As inclusionary housing becomes more popular in urban settings with high land costs and high construction costs, workable alternatives to on-site affordability requirements and other forms of policy flexibility will become increasingly important. This policy brief presents four ideas for improving the flexibility of inclusionary housing and expanding the menu of options available to developers – while at the same time promoting mixed-income neighborhoods.
Housing serves as more than just shelter. Research has shown that affordable and stable housing can be a platform for families' education, health, and economic wellbeing (Brennan 2011; Brennan and Lubell 2012; Cohen 2011). An adequate supply of housing affordable to all residents contributes to a sustainable and diverse community. Because needs for lower-cost housing generally are not well served by the market, local governments, along with their private-sector and nonprofit partners, play a critical role in building and preserving affordable housing. A natural disaster highlights the difficulty local governments face in providing affordable housing.
Housing Landscape summarizes the severe housing cost burdens of low- and moderate-income working households. These low- and moderate-income households include full- and part-time workers who serve our communities and our economy in many capacities. Authors Mindy Ault, Lisa Sturtevant and Janet Viveiros examine how they are faced with significantly greater affordability challenges than the overall population. In 2013, 21.2 percent of working households were severely cost burdened (9.6 million households). Twenty-five percent of working renters and 17.1 percent of working homeowners paid more than half of their incomes for housing that year.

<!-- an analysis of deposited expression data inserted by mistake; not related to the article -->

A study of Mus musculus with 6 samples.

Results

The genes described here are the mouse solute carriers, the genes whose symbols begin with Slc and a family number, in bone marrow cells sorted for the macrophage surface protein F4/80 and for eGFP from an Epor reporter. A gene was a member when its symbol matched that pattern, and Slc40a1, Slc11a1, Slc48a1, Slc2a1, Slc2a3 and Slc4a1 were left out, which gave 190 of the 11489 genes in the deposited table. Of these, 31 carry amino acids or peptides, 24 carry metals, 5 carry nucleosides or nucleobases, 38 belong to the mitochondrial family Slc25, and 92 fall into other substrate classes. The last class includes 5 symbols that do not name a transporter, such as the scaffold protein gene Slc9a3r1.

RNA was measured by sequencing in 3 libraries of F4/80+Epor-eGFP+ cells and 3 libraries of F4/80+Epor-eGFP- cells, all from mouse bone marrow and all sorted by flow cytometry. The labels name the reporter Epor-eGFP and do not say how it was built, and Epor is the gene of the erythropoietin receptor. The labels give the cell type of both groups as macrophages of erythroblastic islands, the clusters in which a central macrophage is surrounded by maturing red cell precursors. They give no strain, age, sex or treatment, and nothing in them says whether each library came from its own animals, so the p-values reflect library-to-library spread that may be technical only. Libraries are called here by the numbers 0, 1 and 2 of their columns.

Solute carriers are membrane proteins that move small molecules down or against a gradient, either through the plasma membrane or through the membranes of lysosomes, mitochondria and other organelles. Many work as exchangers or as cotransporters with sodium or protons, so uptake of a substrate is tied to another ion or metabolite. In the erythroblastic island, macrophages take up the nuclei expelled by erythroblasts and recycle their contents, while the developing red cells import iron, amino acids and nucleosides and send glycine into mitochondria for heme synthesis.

It is expected that the number of health care jobs in health practitioner offices and other non-hospital and nursing home settings will increase by 31 percent and home healthcare jobs will increase by 60 percent between 2012 and 2022.(By contrast the overall number of jobs in the U.S. is projected to increase by only nine percent.) However, growing job opportunities do not necessarily ensure that health workers will be able to afford homes in the communities where they work. This year’s edition of Paycheck to Paycheck examines housing affordability in 210 metro areas for workers in five important and growing health care occupations: medical records transcriptionist, medical billing clerk, home health aide, geriatric nurse, and case manager.
Even as the economy continues to improve, many American workers are still struggling to make ends meet. Authors Lisa Sturtevant and Janet Viveiros analyze 2009-2012 American Community Survey data to find that for millions of households, housing costs account for more than half of the household's monthly income. And even though the share of working households with a severe housing cost burden fell in 2012, housing affordability remains a severe challenge for millions of working individuals and families. Renter households are more than twice as likely to be housing cost burdened than owner households. In 2012, 24.7 percent of all renter households were severely burdened compared to 10.5 percent of all owner households.